Is Medical Cannabis The Cure To Our Opioid Epidemic?
For CBS Miami
“When we look at tools to combat the opioid crisis, I think it’s amazing that medical cannabis is a tool we can use. At the heart of all of our challenges is the fact that the federal government sees cannabis as more dangerous than methamphetamines or cocaine.” - Steph Sherer
MIAMI (CBSMiami) – With the opioid epidemic still raging, doctors are looking at alternatives to addictive prescriptions for treating chronic pain. Medical marijuana is legal in 29 states and advocates say legalizing medical cannabis could help curb the nation’s drug crisis.
Christine Stenquist suffered through a brain tumor, fibromyalgia and debilitating headaches, chronic pain which led to 45 different prescription drugs.
“Migraines were just constant so they started me on a lot of pharmaceuticals and that went on for 16 years,” Christine explained.
Between the pain and the opioids, the mother of four was left bedridden. Eventually, she decided to give medical marijuana a try.
“This is a whole different lifestyle. I’m eating healthier, I’m more active, more alert,” she said.
Stenquist is one of a growing number of Americans who’ve traded in their powerful and addictive painkillers for the green alternative.
Research in the Journal of the American Medical Association shows in states where medical marijuana is legal, opioid overdose deaths are down as much as 25-percent.
“When we look at tools to combat the opioid crisis, I think it’s amazing that medical cannabis is a tool we can use,” said Steph Sherer of Americans for Safe Access.
Sherer is the founder of Americans for Safe Access.
“At the heart of all of our challenges is the fact that the federal government sees cannabis as more dangerous than methamphetamines or cocaine.”
The DEA still warns of a high potential for abuse and Attorney General Jeff Sessions has described marijuana as “only slightly less awful” than heroin.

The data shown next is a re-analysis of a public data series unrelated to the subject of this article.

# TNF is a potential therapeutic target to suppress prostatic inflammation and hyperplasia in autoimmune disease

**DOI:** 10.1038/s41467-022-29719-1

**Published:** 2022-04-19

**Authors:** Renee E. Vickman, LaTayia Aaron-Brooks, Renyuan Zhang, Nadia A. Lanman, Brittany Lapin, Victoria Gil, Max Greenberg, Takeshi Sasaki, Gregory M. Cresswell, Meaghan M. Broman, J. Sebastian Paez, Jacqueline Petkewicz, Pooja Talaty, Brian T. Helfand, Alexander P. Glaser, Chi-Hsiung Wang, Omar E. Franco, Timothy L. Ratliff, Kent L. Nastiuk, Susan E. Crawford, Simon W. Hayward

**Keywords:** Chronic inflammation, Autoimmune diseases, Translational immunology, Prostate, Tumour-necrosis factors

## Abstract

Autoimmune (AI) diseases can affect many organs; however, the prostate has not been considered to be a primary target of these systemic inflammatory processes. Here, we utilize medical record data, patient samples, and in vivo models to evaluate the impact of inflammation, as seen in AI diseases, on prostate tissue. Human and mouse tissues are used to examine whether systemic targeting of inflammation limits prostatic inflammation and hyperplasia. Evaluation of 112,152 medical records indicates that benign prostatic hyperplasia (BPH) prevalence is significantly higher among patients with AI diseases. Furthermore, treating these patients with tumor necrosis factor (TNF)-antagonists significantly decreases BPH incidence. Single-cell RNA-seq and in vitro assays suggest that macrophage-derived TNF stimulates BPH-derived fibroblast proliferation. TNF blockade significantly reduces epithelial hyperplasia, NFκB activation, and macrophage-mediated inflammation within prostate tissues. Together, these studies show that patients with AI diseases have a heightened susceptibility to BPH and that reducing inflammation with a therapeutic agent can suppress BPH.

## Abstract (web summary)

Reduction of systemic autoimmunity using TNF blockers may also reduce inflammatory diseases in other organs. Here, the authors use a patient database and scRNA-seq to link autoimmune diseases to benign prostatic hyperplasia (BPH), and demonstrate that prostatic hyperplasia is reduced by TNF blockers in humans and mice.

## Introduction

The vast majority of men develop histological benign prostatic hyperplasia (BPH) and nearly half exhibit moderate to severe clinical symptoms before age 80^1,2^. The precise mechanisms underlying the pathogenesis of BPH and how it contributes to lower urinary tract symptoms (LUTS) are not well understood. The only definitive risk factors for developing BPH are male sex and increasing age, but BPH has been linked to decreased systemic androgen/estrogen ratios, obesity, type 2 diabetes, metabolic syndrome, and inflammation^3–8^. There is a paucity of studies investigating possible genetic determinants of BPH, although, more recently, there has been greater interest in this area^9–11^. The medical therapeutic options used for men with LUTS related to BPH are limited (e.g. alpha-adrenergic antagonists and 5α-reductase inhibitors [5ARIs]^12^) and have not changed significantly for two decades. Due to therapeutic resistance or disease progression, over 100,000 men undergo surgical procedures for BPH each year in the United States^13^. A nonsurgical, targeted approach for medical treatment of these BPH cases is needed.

“I reject the idea that America will be a better place if it can just have more marijuana,” said Sessions.
Dr. Carla Rossotti Vazquez treats pain patients and disagrees.
“I’ve had patients that since they’ve been using their vaporizers with cannabis they’ve decreased their use of Ambien, of Clonazepam, of Percocet,” she said.
“Within 6 months I was driving, within 8 months I was figuring out how to pass a law in my state,” said Stenquist.
Stenquist knows in her home state of Utah, that could be an uphill battle.
Deaths from prescription painkillers have more than quadrupled since 1999 according to the CDC.
91 Americans die every day from an opioid overdose.
In Florida, House lawmakers are ready to vote on a newly-amended bill to regulate the state’s medical marijuana industry. The newly amended bill gets rid of the 90-day waiting period for patients to be prescribed medical cannabis, reduces training requirements for doctor, adds edibles and “vaping” as well.
However, it doesn’t allow smokeable marijuana and neither does the Senate version of the bill.
Medical marijuana has been one of the most hotly-debated issues during this year’s legislative session and state lawmakers will need to reach some sort of agreement over how to move forward with its regulation before the legislative session ends on Friday.